Opponents of the city’s two-year-old ban on camping in parks are calling for its repeal, saying it has targeted people experiencing homelessness.
The parks and facilities bylaw was introduced in the summer of 2019 when homeless people began camping in the county-owned Victoria Park and at St. John’s Anglican Church after the Warming Room overflow emergency shelter closed on July 1, 2019.
Both city and county councils then passed bylaws banning people from erecting a tent, shelter or hut in parks without a permit. The city only issues permits for camping in the recreational campground at Beavermead Park on Little Lake.
Between June 2020 and May 2021, an average of 106 people each month experienced homelessness but the city’s shelter system only accommodates 91 people, advocates say.
“Even if shelter beds were empty, there’s not enough room for people living outside most months,” said Christian Harvey, executive director of One City Peterborough.
This has created a criminalization of people who need shelter and either cannot or will not access the shelter services due to traumatization in their past, advocates say.
The bylaw should be repealed because of its nature and how it singles out people living rough needing shelter, Harvey said.
“Our goal is to bring awareness to this bylaw,” Harvey said.
“There’s a general understanding from the public because tent city no longer exists, we have put a dent in homelessness, which we haven’t. It has just forced people underground and forced them to hide.”
According to paragraph 13 of the parks and facilities bylaw, if the city’s chief administrative officer is satisfied shelter beds are less than the number of people in need of shelter, the chief administrative officer can permit individuals to erect temporary structures, huts or tents in a park without a permit.
When asked by The Examiner where people can apply to get permits for camping when shelters are full, the city stated, “permits are available for recreational camping at Beavermead Campground, operated by Otonabee Region Conservation Authority.”
People experiencing homelessness tend to erect tents in out-of-the-way places like forests or parks.
These homeless are usually directed, when discovered by police, social workers, or city workers, to stay in one of the city’s shelters.
In most cases when city workers or police find an encampment with nobody around, they clear everything out and move on, said Dan Hennessey, an advocate for local homeless people.
“There’s been confiscations of camping gear by the police and city workers,” Hennessey said.
“People come back to their camps; their stuff is gone. So, they (city workers, police) are not just stealing a tent or sleeping bags, they’re stealing somebody’s home.”
The shelters are full right now and people should be able to set up a tent without having to apply for a permit, he said.
“People can’t get into a shelter bed, there’s wait-lists,” Hennessey said.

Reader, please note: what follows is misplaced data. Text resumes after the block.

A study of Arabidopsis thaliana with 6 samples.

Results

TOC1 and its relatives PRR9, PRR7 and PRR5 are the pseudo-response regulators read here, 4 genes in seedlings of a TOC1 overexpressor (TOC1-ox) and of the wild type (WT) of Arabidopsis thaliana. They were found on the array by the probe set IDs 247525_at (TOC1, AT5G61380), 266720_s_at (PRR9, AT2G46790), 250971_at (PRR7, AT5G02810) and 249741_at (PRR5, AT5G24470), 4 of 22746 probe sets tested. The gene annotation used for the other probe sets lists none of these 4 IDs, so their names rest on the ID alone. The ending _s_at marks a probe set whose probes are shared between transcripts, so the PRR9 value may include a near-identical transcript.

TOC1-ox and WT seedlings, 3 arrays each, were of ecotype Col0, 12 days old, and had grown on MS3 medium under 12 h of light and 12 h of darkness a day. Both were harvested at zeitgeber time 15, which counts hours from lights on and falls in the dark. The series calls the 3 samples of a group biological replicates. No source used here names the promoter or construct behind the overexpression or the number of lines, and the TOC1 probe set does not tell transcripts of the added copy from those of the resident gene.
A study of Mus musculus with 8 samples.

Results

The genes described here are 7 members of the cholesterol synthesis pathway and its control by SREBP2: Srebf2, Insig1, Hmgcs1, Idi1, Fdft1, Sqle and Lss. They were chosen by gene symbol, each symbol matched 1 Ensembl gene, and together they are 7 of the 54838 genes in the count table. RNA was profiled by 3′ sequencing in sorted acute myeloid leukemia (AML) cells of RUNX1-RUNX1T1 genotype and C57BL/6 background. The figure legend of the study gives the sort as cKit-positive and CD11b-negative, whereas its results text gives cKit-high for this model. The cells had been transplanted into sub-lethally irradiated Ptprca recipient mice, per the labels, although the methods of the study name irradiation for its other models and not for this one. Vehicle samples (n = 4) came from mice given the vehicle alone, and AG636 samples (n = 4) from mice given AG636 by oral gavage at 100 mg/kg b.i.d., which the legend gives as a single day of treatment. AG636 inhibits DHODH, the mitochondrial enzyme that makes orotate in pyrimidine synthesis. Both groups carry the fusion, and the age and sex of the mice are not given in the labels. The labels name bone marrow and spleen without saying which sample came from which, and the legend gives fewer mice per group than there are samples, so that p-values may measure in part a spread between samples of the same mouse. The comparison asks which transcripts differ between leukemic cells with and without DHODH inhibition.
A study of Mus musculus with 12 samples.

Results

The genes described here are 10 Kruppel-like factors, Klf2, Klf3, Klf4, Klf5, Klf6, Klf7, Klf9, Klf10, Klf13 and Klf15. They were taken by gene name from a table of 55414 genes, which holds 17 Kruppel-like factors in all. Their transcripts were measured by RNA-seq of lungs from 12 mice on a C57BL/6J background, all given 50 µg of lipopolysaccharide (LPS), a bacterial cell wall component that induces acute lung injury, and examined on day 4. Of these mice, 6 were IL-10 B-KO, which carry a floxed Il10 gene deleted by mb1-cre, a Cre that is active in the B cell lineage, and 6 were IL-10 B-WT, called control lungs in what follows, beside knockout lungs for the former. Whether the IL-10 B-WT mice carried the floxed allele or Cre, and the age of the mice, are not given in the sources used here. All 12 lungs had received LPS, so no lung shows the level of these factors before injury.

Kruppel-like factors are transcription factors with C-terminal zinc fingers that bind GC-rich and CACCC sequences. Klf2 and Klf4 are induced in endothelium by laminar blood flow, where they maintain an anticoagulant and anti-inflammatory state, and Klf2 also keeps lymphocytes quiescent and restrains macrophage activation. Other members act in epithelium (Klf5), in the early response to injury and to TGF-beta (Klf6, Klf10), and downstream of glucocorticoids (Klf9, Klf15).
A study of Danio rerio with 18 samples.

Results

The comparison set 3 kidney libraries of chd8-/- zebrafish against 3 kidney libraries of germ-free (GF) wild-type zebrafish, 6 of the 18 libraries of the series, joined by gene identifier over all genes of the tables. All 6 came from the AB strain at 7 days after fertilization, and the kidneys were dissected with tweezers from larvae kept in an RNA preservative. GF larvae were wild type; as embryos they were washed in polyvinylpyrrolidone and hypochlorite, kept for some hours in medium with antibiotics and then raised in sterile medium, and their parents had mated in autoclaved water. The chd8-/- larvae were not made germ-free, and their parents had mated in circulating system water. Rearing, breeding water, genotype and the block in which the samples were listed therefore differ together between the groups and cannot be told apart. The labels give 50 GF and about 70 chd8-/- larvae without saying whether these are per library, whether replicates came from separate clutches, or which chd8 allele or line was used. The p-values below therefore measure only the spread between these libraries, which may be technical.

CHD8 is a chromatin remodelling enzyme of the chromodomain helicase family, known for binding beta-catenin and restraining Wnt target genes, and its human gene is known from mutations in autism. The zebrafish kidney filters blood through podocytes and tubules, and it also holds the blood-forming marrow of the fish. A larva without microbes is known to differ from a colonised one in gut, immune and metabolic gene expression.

“It’s a horrible situation, people don’t want to stay in shelters because they fear for their safety or the situation in shelters is really bad.”
A lot of people feel safer in tents because there is community with people you trust, he said.
The bylaw which targets setting up tents, structures or huts is punitive to people experiencing homelessness in the city, Harvey said.
“What we’ve been seeing is since the bylaw was implemented during Tent City it is an attempt to hide homelessness as opposed to addressing the issue,” he said.
The city has no plans to change or reword the bylaw because its purpose remains relevant, said Sharron Hayton, the city’s customer service co-ordinator.
“(It is) to protect and maintain parks, open spaces, publicly owned land and related facilities for the safety and shared enjoyment of the public and to protect and enhance the natural environment,” Hayton said.
People sleeping in tents or without shelter need the most help due to factors impeding their ability to find adequate housing, said Joe Hermer, a criminologist and head of the sociology department at the University of Toronto, Scarborough Campus.
“Where there is a lack of social housing and affordable housing and a lack of appropriate shelter services, sleeping outside in tents or encampments is the only space available for homeless people to survive,” Hermer said.
“We saw that very clearly during the pandemic and it continues to be the case.”
Outreach services are still the city’s approach when it comes to tenting, Hayton said.
“Connecting those in need of shelter with both shelter and other social services including housing supports, and mental health and addictions supports,” Hayton said.
She said space is still available in the shelters for people to access services for health, well-being, and housing.
But Hermer said he believes the city’s bylaw should be repealed as it pushes people to the fringes of society and criminalizes them. Repealing it would make them more visible to service providers, such as outreach, social programs and treatment services, he said.
“It’s clearly written to target a particular type of person,” Hermer said.
“What’s required is properly resourced, morally neutral, outreach work. You want to establish relationships over a long period of time, establish trust and match them to the right social services and the right assistance needed.”
Hennessey also said he believes the bylaw should be repealed because he believes there was not enough community consultation around it when first proposed.